IT'S NOT JUST ABOUT THE BEEF: You've got to love Cook's
Illustrated's approach to recipes: Most of us know the basic
ingredients of, say, beef stew. (Beef, carrots, water, carrots maybe some
tomato paste.) CI explores the difference between the mouthwatering
and the mediocre by experimenting with what you do with the ingredients. The differences are subtle but meaningful: yes, the cut of
meat but also browning both the meat and veggies before mixing them, adding
ingredients that are rich in glutamates: a dash of tomato paste, a chunk of
salt pork, a couple of anchovies. (You have to pay CI for all the details but
Betsy testifies that it is, indeed, pretty darn tasty.) And even as CI weighs the tradeoffs between those elements, both singularly and together, it makes it clear to readers: Your taste may vary. Try it out.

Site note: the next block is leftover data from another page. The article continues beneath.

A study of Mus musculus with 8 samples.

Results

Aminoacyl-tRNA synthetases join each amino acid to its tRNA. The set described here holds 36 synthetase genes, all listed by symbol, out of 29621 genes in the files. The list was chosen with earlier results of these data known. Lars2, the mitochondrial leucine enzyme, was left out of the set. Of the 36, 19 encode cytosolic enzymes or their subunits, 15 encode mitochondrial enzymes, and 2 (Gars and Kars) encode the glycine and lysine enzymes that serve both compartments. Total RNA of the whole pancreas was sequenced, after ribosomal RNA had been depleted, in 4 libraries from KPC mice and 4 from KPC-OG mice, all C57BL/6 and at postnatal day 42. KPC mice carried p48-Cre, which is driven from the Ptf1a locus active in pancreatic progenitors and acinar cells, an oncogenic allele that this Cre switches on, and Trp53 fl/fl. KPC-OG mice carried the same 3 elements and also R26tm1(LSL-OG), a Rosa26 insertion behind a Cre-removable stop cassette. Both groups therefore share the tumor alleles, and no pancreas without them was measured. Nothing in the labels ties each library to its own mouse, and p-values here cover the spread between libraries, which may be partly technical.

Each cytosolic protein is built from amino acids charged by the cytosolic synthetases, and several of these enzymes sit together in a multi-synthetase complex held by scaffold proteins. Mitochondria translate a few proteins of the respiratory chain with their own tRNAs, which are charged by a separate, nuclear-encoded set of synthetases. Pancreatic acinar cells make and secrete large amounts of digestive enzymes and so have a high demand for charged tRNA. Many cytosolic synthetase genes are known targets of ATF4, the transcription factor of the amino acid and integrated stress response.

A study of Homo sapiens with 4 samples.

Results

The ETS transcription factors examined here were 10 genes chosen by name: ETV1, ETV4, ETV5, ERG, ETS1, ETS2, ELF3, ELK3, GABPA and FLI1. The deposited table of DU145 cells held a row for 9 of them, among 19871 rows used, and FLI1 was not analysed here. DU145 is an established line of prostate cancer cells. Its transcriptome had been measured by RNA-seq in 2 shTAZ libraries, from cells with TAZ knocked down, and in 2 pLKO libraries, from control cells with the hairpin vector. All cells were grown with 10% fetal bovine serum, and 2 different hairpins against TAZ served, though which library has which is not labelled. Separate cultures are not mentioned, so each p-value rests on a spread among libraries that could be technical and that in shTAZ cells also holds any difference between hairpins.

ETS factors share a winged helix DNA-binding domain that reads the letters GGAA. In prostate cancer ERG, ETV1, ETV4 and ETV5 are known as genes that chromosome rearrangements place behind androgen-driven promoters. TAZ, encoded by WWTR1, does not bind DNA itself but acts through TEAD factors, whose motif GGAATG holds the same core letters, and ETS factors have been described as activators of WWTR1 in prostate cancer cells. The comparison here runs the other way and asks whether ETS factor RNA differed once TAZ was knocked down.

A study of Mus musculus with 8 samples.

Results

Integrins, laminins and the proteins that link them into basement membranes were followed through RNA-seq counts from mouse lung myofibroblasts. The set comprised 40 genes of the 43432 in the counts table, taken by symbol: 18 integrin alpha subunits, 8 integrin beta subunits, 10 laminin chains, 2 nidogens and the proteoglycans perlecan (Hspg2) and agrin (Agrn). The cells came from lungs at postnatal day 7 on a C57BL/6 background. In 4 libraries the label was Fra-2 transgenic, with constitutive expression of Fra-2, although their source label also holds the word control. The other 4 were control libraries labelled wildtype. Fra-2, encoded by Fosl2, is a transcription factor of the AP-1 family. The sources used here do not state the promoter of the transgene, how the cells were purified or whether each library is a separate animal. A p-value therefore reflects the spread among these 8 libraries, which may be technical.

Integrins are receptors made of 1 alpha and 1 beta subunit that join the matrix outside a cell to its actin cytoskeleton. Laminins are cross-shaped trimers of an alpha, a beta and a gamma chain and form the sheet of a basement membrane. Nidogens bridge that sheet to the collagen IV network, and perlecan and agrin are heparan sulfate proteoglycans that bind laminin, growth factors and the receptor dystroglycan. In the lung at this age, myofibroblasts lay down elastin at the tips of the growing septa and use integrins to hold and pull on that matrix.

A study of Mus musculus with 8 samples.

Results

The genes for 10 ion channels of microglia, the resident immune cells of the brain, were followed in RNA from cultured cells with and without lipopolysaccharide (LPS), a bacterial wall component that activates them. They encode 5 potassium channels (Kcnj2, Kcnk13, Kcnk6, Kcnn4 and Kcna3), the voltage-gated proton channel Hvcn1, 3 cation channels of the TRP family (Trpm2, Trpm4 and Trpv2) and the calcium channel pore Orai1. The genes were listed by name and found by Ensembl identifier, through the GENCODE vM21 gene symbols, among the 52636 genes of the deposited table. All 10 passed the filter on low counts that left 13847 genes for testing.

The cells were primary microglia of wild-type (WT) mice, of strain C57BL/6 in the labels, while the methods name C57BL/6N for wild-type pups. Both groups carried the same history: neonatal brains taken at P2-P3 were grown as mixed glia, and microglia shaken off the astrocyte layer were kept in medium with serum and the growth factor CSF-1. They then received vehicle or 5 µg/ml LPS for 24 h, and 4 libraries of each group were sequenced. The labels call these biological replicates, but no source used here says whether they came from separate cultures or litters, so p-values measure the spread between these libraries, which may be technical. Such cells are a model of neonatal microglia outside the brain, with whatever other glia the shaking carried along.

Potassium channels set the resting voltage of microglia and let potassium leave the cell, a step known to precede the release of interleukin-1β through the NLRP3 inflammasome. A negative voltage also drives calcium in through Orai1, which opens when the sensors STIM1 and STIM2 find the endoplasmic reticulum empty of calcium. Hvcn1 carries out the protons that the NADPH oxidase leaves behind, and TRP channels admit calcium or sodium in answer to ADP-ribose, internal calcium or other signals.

That kind of beef
stew was what came to mind when we read a new blog by Stacey
Childress, deputy director of education at the Bill & Melinda Gates
Foundation. Childress is a long-time academic
and likes to think out loud in words. (Full disclosure: the Gates Foundation
supports some of EdSurge's work on our database of reviews and reports.) Her
first topic: design principles for schools.
The elements sound like the core ingredients
for stew: Student centered, high expectations, mastery based, blended, student
ownership, along with financially sustainable and scalable.
Now it's time to explore how to make those elements work together, in the heat of the kitchen. How should they be balanced? What will enhance students' enthusiasm and internal motivations? What will bring out the best in the teachers? Do share your tips.